Enjoy this post today on healthcare by my good friend Laurie from The Frugal Farmer.

Brian talked recently about the 5 lessons he learned from his recent surgery. Brian is an active guy, and I can only image how much fun he had being sidelined a bit by his torn meniscus and the subsequent surgery. Not to mention the money it costs these days for anything from a simple doctor appointment, a necessary prescription drug or, as in Brian’s case, a surgery.

Not all medical expenses are avoidable: there are many diseases and conditions for which medical treatment (so far, anyway) is the only known help. However, there are many health conditions that are in our control, and many ways for people to cut down on their share of the 3+ trillion dollars that Americans spend on healthcare each year.

4 Ways to Cut Down on Healthcare Costs

Here are some of the things our family does to cut down on annual healthcare costs.

#1: Eat Well

I know most people don’t like to hear it, but a diet that consists of a large amount of fresh vegetables and fruits, healthy fats and minimally processed foods can do wonders for a person’s health.

Over the past 3 years, due to our son’s intolerance to all things corn and dairy-related, we’ve been researching and implementing a healthier, whole foods diet in our home. We eat a minimal amount of processed foods (less than 20% of our total diet), cook from scratch, and plan meals using lots of vegetables, organic brown rice, organic brown flour, and stay largely away from white flour and white sugar. We also avoid soda unless it’s a holiday or party, and drink mostly fresh, clean water.

The result: our son’s corn and dairy intolerance has disappeared (we learned that it was also the chemicals and the added hormones/antibiotics in the corn products and dairy products that were causing his problems and not the just corn and dairy themselves) and we are now a much healthier family. Colds and flus rarely hit us – once a year at the very most – and we only need the doctor now for annual checkups.

Growing our own veggies has been paramount in keeping costs down as we eat a high vegetable diet as well. Shopping the sales and planning our dinner menus around what’s on sale at the grocery store helps our cleaner diet be more affordable too, as does no longer buying expensive processed foods and sodas.

#2: Practice Good Hygiene

Mom’s words of wisdom were right, it turns out. Sneeze and cough into your sleeve, and wash your hands plenty – especially during cold and flu season. We always wipe down our carts with the wipes the big box stores provide, and wash our hands at home after we’ve been out. This is another reason I believe colds and flus have been virtually non-existent in our home for the last three years.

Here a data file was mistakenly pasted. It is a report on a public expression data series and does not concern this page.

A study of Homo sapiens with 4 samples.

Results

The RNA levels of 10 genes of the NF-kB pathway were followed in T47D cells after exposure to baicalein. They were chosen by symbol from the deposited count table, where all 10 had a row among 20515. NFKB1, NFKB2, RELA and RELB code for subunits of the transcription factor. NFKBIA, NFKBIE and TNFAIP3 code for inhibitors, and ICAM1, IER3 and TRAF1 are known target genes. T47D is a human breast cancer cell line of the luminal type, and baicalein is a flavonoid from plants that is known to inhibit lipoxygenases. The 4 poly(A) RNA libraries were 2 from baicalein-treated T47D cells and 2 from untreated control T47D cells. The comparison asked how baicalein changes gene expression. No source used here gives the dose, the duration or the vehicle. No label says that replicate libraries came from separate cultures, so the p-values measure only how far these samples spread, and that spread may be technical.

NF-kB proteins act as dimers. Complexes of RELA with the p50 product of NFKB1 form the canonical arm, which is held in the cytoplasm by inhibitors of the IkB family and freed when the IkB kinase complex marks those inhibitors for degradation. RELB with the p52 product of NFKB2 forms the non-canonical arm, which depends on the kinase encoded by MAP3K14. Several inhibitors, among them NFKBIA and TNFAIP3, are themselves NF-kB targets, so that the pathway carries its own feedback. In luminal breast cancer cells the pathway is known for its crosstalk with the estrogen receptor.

#3: Exercise Regularly

Brian knows well the benefits of regular exercise. Keeping the body strong through regular exercise gives your immune system a boost and your mood a boost through the releasing of endorphins.

I’m personally a fan of low-impact aerobics such as walking, swimming, low-impact hiking and biking. For strength exercises I do stretching and Pilates. These types of exercises take a minimal amount of time and produce decent results.

#4: Know Your Stuff

Don’t depend on the doctor to be your only source of medical knowledge. I wouldn’t recommend taking all aspects of your healthcare into your own hands, but by educating yourself on basic medical conditions via respected resources, you can begin to learn the difference between a more serious health issue that needs medical attention and a minor health issue that can be treated at home.

Questioning tests and treatments that are recommended by the doctor’s office can be a wise move as well. When our son was being tested for food allergies and intolerances, the doctor suggested a number of tests that had a “high unlikelihood” of coming out positive, but that she wanted to test for, “just in case”. By asking about what the symptoms were for those medical conditions, and further researching why she wanted to perform those specific tests, we realized that 4 of them weren’t necessary because he had none of the symptoms that would indicate those maladies. I declined the tests (with the doctor’s okay) and saved us $800 in the process.

By taking good care of your body, practicing good personal hygiene and by understanding how the human body works, one can indeed save money on healthcare.

Questions: What practical steps are you taking to save money on healthcare? Do you notice a difference in your health when you eat right and exercise? Have you ever turned down an optional medical procedure in order to save money?

About the Author: Laurie is a wife, mother to 4, and homesteader who blogs about personal finance, self-sufficiency and life in general over at The Frugal Farmer. Part witty, part introspective and part silly, her goal in blogging is to help others find their way to financial freedom, and to a simpler, more peaceful life.


  1. That’s so great to hear that your son’s dietary restrictions improved just through healthy eating. I loved reading your article, because honestly personal finance is directly related to your well being. Ever since I started exercising regularly, I’ve been more energetic and less likely to splurge on unhealthy food (eating out used to drain my budget like crazy).